Welcome to our first installment of The Spoonflower Seller Handbook! A digital marketing series on how Spoonflower sellers can better promote themselves and stand out in a marketplace that’s growing by the minute. Think of this as a toolkit of strategies and tips you can bookmark and reference as needed. At the end of this series, you’ll be fully equipped for seller success both within the Spoonflower platform, on social media, with your product photography and beyond. You’ll also understand how to go about building relationships with small business owners and makers who may want to use your designs for their one-of-a-kind products.
Before we get into things like how to tackle your branding and social media strategy, let’s back up and start with the basics, shall we?
So you’ve uploaded your designs to Spoonflower, ordered proofs, and you’re happy with the repeat and the colors. YAY! But wait –your work is not yet done. Make sure you’re following these four tips to ensure your designs are set up for success.
Remember to keep it under 150 characters and leave the HTML at home. Use your description as an opportunity to elaborate on the colors and the techniques used to make the design.
Previously, designers were able to add seven tags to a design but you can now add up to 13 tags to any design!
Tags are used to describe relevant aspects of the design including colors, design elements and techniques. If you’re not sure what types of tags to add, we’ve included six helpful questions to guide you along the way.
Why is it important to take the time to add tags to your design? We’re so glad you asked! When a potential customer searches the Marketplace, they’ll most likely use the search bar to find designs that fit their project needs. If you don’t add any tags to your design, the likelihood of your design being shown to them drops drastically. For the best results, we recommend using all 13 tags*, but remember to make them relevant to your design.
Learn even more about how to optimize your design and the advantages of Spoonflower’s distribution channels here.
One thing that many designers overlook but is incredibly important: your storefront! Specifically the shop banner and bio. Let’s start with your banner.
You want to think of this as your chance to personalize your shop and make it really represent you. Spoonflower allows you to upload a shop banner image that’s 868 x 117 pixels, so start by sizing your banner design to precisely these dimensions. To update your banner, simply click on your profile image, then navigate to the bottom of the page and select “choose file.”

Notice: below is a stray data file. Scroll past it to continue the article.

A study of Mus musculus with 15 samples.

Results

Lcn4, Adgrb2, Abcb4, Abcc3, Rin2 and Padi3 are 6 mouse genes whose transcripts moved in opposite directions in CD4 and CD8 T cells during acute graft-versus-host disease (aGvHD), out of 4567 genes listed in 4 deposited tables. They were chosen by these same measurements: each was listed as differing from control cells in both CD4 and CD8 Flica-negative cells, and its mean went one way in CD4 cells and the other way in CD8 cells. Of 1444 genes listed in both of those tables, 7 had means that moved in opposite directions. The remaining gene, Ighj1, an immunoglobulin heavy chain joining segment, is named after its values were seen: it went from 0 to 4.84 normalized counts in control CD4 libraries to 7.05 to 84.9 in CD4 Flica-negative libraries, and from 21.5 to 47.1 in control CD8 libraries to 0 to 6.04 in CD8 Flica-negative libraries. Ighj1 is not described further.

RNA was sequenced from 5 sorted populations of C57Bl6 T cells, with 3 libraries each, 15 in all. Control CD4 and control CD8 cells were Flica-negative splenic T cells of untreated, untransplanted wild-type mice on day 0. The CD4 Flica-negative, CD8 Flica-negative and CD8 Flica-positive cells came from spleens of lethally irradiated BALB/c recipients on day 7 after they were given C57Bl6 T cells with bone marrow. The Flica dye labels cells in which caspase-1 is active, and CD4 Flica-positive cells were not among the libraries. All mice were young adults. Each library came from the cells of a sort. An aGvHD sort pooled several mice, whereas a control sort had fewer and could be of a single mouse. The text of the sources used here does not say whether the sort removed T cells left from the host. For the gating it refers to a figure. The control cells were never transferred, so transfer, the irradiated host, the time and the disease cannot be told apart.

For many shoppers this will be their first impression of you as a designer so it’s important to incorporate as much of your branding as possible. Do you have a logo? This is a great place to put that. Choose colors that are consistent with the overall look and feel of the designs in your shop. Is your Spoonflower shop filled with bold, saturated vector-based animal illustrations? If that’s the case, then you probably wouldn’t want a pastel painterly watercolor banner. Cohesion is your friend!
In addition to making a great first impression with your branding, the shop banner is also an opportunity to direct shoppers to take a specific action. Consider this clever example from designer and author of The Spoonflower Quick-Sew Project Book, Anda Corrie, who encourages shop visitors to check out her newest designs by adding a strategically-placed arrow and CTA (call to action) right inside her banner.
The next key ingredient in a successful storefront is your shop image. Your shop image is the 250 pixel box on the left-hand side of your shop page. This is the perfect spot to add either a photo of you (looking like your most warm and approachable self!) or a self-portrait. The more you can humanize your shop and give it personality, the more memorable you become and the more you’ll stand out from the crowd.
Speaking of being memorable, do not skip filling out that 160 character “about me” section! There’s so much key info you can pack into this small space. Many designers use it to share their Instagram handle and remind shoppers to tag them in their project posts. Other shops use it to let visitors know whether they are available for custom requests and collaborations. You can even say a little bit about where you come from and use the opportunity to promote your work outside of Spoonflower – such as classes you teach on Skillshare, etc.
Lastly, do not miss your opportunity to plug in two external websites! The prompts will ask you to add your store link and blog link, but these can really be just about anything. If you have an Etsy store or a personal website you want to share, this is the perfect spot to do so and gain a little extra traffic from people visiting via your Spoonflower shop. Many designers also use this spot to link their Instagram account, Facebook or Youtube channel. While you’re updating those two external links, don’t forget to add your city and country if you’d like! It makes our diverse community of designers more fun and interesting when we can see where everyone is across the globe.
Once you’ve checked these important steps off your list, you’ll be well on your way to achieving seller success. Stay tuned for our next article in the Spoonflower Seller Handbook, where we talk about why you shouldn’t be sleeping on the Weekly Design Challenges, and how participating can help quickly increase your visibility and sales in the Marketplace.